Space students’ out-of-this-world placement

A failed rocket launch and monitoring potential space collisions made for an unforgettable week for RMIT’s Space Science students.

As part of RMIT on-going collaboration with Saber Astronautics, five students from the Bachelor of Space Science program took part in the week-long situational awareness activity.

First-year student, Holly Wilson, said the week-long activity was an opportunity to apply her knowledge in a real-life experience.

“It was an amazing opportunity to gain insight into the Australian commercial space industry and apply the knowledge we have learnt through the degree so far,” Wilson said.

“One of the highlights was giving updates to the Saber Astronautics team on a live launch in French Guinea.”

Bachelor of Space Science student Holly Wilson completing her placement with Saber Astronautics.Bachelor of Space Science student Holly Wilson completing her placement with Saber Astronautics.
The launch in New Guinea was for the rocket Vega 16, which deviated from its planned trajectory just after ignition.

Student Maggie Williams was the Pacific Space Weather Team Spokesperson and had to provide space weather updates throughout the launch.

Amid the chaos following the failed launch, Williams had worked closely with Saber Astronautics and the Bureau of Meteorology to see if the weather had contributed to the failed launch.

Senior Lecturer Dr Brett Carter said the moment was intense.

“Maggie quickly confirmed that space weather was nominal and was unlikely to have been a factor,” Carter said.

When the students weren’t dealing with rocket launches, they were participating in less-intense space situational awareness (SSA) exercises.

SSA is an exercise in predicting, detecting and tracking risks associated with satellites in space.

This includes tracking potential collisions (‘conjunctions’), launches, satellite breakups, and ensuring the satellites are where they need to be.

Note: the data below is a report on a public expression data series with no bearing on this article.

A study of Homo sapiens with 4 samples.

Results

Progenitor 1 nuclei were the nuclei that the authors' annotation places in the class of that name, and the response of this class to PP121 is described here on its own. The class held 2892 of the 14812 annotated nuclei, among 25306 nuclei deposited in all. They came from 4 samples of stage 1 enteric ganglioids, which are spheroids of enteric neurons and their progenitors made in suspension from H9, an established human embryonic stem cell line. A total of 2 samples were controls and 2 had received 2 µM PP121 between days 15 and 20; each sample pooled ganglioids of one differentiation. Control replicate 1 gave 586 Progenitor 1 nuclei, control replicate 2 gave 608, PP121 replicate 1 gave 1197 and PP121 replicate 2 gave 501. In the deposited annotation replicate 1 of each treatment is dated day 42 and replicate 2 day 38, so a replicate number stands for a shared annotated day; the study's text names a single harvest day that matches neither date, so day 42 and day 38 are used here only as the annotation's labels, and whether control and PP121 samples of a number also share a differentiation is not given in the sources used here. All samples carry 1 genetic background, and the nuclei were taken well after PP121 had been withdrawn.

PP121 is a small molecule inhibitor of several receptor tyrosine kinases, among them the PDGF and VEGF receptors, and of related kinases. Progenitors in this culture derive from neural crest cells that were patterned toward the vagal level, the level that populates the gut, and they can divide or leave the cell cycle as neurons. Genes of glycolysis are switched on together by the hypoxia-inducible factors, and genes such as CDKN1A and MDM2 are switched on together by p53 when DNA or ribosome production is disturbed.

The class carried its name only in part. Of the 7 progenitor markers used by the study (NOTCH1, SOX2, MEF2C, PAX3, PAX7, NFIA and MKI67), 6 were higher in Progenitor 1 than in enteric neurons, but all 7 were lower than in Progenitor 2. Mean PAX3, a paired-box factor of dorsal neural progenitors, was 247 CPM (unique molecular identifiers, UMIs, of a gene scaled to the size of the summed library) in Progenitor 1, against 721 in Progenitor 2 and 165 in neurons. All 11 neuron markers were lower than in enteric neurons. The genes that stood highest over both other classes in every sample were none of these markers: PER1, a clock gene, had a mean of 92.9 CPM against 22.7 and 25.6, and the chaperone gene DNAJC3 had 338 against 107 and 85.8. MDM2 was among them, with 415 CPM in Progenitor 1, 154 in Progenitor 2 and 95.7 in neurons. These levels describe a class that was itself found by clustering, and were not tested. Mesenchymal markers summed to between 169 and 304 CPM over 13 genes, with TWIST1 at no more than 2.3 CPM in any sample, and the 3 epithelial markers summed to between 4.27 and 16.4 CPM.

Alexander Walsh, also a first-year student, said the space situational awareness exercise was like air-traffic control for space.

“Unlike air traffic control though, we can’t use radar to see every single spacecraft, so the challenge becomes about trying to find and monitor as much of space as possible and to notice anything potentially dangerous before it’s too late,” Walsh said.

Physicist and Senior Lecturer Dr Gail Iles – well-known for her regular science segment with Neil Mitchell on 3AW Radio – said the partnership between the University and Saber Astronautics was mutually beneficial.

The Predictive Interactive Groundstation Interface (PIGI). Credit: Saber AstronuaticsThe Predictive Interactive Groundstation Interface (PIGI). Credit: Saber Astronuatics
“Saber Astronautics is building the Mission Control Centre for the Australian Space Agency in Adelaide and RMIT is training the spaceflight operators who will one day work there,” she said.

Two RMIT students are undertaking an internship with the organisation this summer to track satellites in orbit around the Earth and any space weather that may affect their functionality.

The CEO of Saber Astronautics, Dr Jason Held, also presented a guest lecture for students in the course Satellites and Space Debris this year.